The overarching goal of the study — part of the National Institute of Health‘s (NIH) Helping to End Addiction Long-term (HEAL) Initiative, announced in April 2018 — is to reduce overdose deaths by 40% within 3 years in select communities in Kentucky, Massachusetts, New York, and Ohio.
“The HEALing Communities Study is an exciting, unprecedented effort to support communities in using and expanding our scientific understanding of effective interventions,” said HHS Secretary Alex Azar in a statement.
Instead of having a siloed approach with multiple separate interventions — such as housing assistance, medication-assisted treatment, and drug courts — the study designees will create integrated programs that provide continuous, wraparound support for people with substance use disorders, said Azar at a press briefing.
“Think about these communities pulling all of those strings together and building that around the individual,” he said, adding that the programs will become a long-term safety net.
“That whole surround is there for you to enable lifelong treatment and recovery programs,” said Azar.
NIH Director Francis Collins, MD, said that although research has helped find medication and other treatments that work for opioid use disorder, much is still unclear — including the optimal duration of treatment and how to design effective recovery programs. And many previous studies have “tended to be relatively circumscribed in a fairly well-studied environment,” and thus haven’t necessarily translated well into the real world, said Collins at the briefing.
“This program aims to change all that,” he said. “This is real-world research. This is not ivory tower at all.”
A “Dream Team”
The hope is that the four states will quickly share what they learn with other areas of the country.
Each state’s effort will be coordinated by an academic medical center. Grants were awarded to: the University of Kentucky, Lexington, with Sharon L. Walsh, PhD, as the principal investigator (PI); Boston Medical Center, Boston, with Jeffrey Samet, MD, as PI; Columbia University, New York City, with Nabila El-Bassel, MD, as PI; and Ohio State University, Columbus, with Rebecca Jackson, MD, as PI.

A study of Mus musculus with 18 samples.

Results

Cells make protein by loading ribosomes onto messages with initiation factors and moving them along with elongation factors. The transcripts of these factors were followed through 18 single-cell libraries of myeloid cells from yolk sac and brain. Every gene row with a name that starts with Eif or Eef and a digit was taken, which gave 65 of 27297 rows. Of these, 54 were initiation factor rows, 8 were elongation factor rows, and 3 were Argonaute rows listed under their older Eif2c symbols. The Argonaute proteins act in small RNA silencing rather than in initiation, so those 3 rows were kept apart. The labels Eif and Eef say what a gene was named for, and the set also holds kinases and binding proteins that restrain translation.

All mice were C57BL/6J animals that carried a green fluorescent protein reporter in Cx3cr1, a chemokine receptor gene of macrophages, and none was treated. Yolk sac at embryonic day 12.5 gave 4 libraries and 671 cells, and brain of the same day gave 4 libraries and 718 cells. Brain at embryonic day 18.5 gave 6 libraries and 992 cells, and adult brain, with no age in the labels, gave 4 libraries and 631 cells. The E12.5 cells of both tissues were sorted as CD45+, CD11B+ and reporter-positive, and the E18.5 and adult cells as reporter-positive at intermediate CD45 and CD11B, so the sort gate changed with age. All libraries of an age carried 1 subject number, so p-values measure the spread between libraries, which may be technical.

“This is the team and it’s a dream team for all of us,” said Collins.
Each site will join with at least 15 communities to measure the impact of integrating evidence-based prevention, treatment, and recovery interventions across primary care, behavioral health, justice, and other settings, according to the NIH. North Carolina-based RTI International will be the study coordinating center. It will conduct data analysis and health economics research and disseminate the research findings.
The study will track the incidence of opioid use disorder and the number of individuals receiving medication-based treatment for opioid use disorder — aiming to decrease the former and increase the latter. Goals also include increasing the number of individuals who are in treatment beyond 6 months, providing recovery support services, and expanding the distribution of the overdose antidote naloxone.
“We believe that this effort will show that truly dramatic and material reductions in overdose deaths are possible and provide lessons and models for other communities to adopt and emulate,” said Azar. “We don’t have to be intimidated by the scale of this challenge. We can start saving lives now.”